The 53 Commonwealth nations have adopted the Blue Charter on Ocean Governance, as the leaders' summit ended in London, Friday 20 April.
The Blue Charter maps out efforts to protect oceans and marine environments throughout the Commonwealth, from threats such as climate change, pollution and over-fishing.
Vanuatu and Fiji have put themselves forward to champion the charter's cause among the Pacific Island nations.
The Secretary-General, Patricia Scotland, said it means the leaders have agreed on a bold, co-ordinated push to protect the world's oceans.
"Their landmark decision to adopt a Commonwealth Blue Charter will affect one-third of the world's national coastal waters, helping to sustain livelihoods and eco-systems globally," she said.
.@PScotlandCSG spoke about key outcomes at the final press conference of #CHOGM2018, including the #Commonwealth #BlueCharter, #Cybercrime Declaration, Connectivity Agenda for #Trade and #Investment and new guidelines for #CommonwealthElections observationhttps://t.co/PlsqAl02lf— The Commonwealth (@commonwealthsec) April 20, 2018
Samoa said the charter is part of a welcome focus on issues that affect the Commonwealth's most vulnerable members - including the Pacific Island states.
The British Prime Minister Theresa May said the Commonwealth countries are also working to tackle the scourge of plastic pollution at sea.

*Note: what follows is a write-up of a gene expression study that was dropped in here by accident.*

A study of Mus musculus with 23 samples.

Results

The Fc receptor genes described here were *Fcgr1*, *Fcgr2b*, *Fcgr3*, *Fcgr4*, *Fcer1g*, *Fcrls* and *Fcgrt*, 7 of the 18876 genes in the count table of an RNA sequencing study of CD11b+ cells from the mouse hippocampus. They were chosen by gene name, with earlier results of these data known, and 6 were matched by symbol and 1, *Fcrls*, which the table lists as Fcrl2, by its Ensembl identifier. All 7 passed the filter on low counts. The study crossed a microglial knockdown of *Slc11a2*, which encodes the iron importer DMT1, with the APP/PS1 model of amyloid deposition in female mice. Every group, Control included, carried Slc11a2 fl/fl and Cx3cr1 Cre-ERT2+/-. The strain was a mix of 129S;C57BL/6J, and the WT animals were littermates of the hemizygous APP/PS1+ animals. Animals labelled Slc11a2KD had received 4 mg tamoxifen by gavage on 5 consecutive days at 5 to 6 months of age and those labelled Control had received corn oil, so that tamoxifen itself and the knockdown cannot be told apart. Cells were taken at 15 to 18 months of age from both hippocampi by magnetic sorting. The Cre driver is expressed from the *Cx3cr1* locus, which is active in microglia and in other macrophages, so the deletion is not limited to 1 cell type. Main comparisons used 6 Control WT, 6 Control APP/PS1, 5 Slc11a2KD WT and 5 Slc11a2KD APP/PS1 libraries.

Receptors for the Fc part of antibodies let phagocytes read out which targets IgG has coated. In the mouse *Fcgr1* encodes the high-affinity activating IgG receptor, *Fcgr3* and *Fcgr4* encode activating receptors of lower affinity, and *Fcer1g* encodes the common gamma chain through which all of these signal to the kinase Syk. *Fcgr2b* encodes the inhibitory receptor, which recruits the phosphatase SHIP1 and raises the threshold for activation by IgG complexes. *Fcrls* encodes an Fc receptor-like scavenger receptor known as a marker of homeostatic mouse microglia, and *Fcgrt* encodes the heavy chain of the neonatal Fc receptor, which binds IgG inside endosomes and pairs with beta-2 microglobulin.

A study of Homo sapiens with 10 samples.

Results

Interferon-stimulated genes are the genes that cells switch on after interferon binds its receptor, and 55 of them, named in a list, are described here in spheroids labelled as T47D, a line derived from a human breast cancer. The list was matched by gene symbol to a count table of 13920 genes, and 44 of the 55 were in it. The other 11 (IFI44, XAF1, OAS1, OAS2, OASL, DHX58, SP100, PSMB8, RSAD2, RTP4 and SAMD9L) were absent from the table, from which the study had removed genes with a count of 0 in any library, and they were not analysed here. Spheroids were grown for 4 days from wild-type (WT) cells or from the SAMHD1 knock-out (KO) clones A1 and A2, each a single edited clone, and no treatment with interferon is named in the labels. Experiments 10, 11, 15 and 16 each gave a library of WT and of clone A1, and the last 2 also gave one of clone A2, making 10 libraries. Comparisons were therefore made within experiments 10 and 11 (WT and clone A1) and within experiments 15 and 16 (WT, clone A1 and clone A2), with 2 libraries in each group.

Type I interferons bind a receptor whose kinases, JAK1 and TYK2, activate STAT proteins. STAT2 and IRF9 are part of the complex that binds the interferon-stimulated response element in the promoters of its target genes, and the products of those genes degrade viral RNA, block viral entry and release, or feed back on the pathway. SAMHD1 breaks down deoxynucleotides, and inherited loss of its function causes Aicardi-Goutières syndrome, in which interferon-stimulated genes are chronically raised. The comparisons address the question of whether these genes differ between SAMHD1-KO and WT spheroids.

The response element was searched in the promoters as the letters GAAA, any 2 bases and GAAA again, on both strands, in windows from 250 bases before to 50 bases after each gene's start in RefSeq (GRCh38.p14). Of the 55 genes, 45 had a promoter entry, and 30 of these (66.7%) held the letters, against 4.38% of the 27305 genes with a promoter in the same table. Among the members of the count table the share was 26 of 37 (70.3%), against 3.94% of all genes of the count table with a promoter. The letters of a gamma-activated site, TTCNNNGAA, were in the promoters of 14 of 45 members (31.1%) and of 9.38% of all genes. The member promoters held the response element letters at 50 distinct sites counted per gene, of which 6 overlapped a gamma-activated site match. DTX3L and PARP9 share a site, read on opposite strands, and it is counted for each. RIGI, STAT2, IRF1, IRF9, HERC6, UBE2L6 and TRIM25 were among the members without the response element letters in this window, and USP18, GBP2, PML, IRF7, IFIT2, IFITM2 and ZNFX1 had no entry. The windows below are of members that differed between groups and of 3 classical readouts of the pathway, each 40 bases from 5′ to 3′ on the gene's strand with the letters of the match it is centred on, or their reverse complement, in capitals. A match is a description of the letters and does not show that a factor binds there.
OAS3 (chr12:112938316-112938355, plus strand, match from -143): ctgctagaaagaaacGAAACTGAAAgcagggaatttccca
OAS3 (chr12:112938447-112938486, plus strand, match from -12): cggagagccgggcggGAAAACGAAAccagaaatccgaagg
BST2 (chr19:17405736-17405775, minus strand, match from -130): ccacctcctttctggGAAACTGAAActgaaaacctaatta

Mrs May, who chairs the leaders' group, said Britain and Vanuatu were working together to launch the Commonwealth Clean Oceans Alliance.
She said a series of commitments have already been made by the member states.
"Papua New Guinea has banned plastic bags, Belize will ban plastic bags forks and other single use items by 2019. New Zealand has announced a ban on microbeads which will come into effect in June."
"The Bahamas is planning to ban plastic bags this year and the UK has pledged to ban plastic straws, stirrers and plastic stemmed cotton buds," she said.
Mrs May added that the Bahamas was planning to ban plastic bags this year, and that the UK had pledged to ban plastic straws, stirrers and plastic stemmed cotton buds.
Vanuatu's government has already taken action to end access to plastic bags and placed limits on plastic drink bottles in the country.
Its Foreign Minister, Ralph Regenvanu, said Vanuatu was glad for the support it had have received from many other countries who want to join the Alliance.
"We are going to work closely with the United Kingdom, the other co-champion on the issue, to share knowledge, share experiences and try and build up the move to deal with marine litter across the whole world, particularly starting in the Commonwealth countries, of course," he said.
According to Mr Regenvanu, Vanuatu is about to undertake a study on all the uses of plastic in the country and how the material is disposed of.